Oxford Health NHS Foundation Trust has welcomed the decision by councillors of Oxfordshire County Council to drop proposals for a £1 million reduction in the council’s contribution to the outcomes based contract for mental health in Oxfordshire following an open letter from Oxfordshire Mental Health Partnership.
Oxfordshire County Council had proposed cutting its contribution to Oxfordshire’s mental health budget by £1.6m by 2022.
The council has announced it has dropped plans for a £1m reduction in the council’s contribution to the outcomes based contract for mental health. We welcome this news and thank all those who helped this come about.
The council has said it will delay a proposal for a £600,000 saving against mental health social worker funding by a year.
Chief executive Stuart Bell said: “We are pleased the councillors of Oxfordshire County Council have listened to the voices of mental health service users and professionals in the county and decided to act on the feedback we expect they have received in their consultation.
“We are delighted and grateful to see they will not push ahead with the £1 million cuts to the placement budget.
“We welcome a year’s deferral of a decision to cut the £600,000 social worker staffing budget. Such a change would still have major implications on the care and support available to people in Oxfordshire and so we will want to engage in consultation about the potential impact of this and whether there are better ways of managing these pressures in due course.”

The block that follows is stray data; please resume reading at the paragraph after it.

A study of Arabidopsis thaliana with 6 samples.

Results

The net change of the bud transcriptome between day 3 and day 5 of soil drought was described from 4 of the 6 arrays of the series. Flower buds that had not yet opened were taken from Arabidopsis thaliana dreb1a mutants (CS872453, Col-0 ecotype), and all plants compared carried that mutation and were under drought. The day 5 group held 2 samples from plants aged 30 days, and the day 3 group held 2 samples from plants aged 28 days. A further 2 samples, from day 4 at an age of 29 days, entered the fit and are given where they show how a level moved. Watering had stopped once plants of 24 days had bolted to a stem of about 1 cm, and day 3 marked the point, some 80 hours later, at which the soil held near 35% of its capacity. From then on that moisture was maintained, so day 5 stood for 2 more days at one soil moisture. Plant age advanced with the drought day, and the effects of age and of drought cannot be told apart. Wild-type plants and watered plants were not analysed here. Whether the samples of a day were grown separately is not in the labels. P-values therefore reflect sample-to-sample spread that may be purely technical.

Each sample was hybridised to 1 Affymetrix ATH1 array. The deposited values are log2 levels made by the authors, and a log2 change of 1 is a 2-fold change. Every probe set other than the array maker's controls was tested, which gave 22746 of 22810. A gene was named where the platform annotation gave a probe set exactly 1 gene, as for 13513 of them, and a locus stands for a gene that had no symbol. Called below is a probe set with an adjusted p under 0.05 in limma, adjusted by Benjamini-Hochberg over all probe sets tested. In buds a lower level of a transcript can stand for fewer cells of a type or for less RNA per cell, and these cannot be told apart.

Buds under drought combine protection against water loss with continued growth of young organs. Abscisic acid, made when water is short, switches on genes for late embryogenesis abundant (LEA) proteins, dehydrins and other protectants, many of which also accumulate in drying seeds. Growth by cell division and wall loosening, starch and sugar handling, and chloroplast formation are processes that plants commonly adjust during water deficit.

Dan Knowles, chair of Oxfordshire Mental Health Partnership, said: “The Oxfordshire Mental Health Partnership warmly welcomes this decision. We would like to thank and congratulate every single person who engaged with the Budget Consultation and our Social Media campaign – your voices have been heard and have made a real difference. Together we have managed to preserve the current County Council contribution towards funding the Oxfordshire mental health services, but of course current funding levels are too low.
“Oxfordshire has one of the lowest levels of mental health funding nationally and this funding injustice needs to be addressed to ensure long term stability of the mental health sector in Oxfordshire. We have today won a significant victory but have a long way to go if we are to provide the service this county deserves.”
Oxfordshire County Council responded to the open letter, which was signed by all members of Oxfordshire Mental Health Partnership plus eight other local community organisations, and offered the opportunity to give feedback on the proposed mental health budget cuts in a consultation which ended on Sunday.
Oxfordshire Mind has further information about how to provide feedback.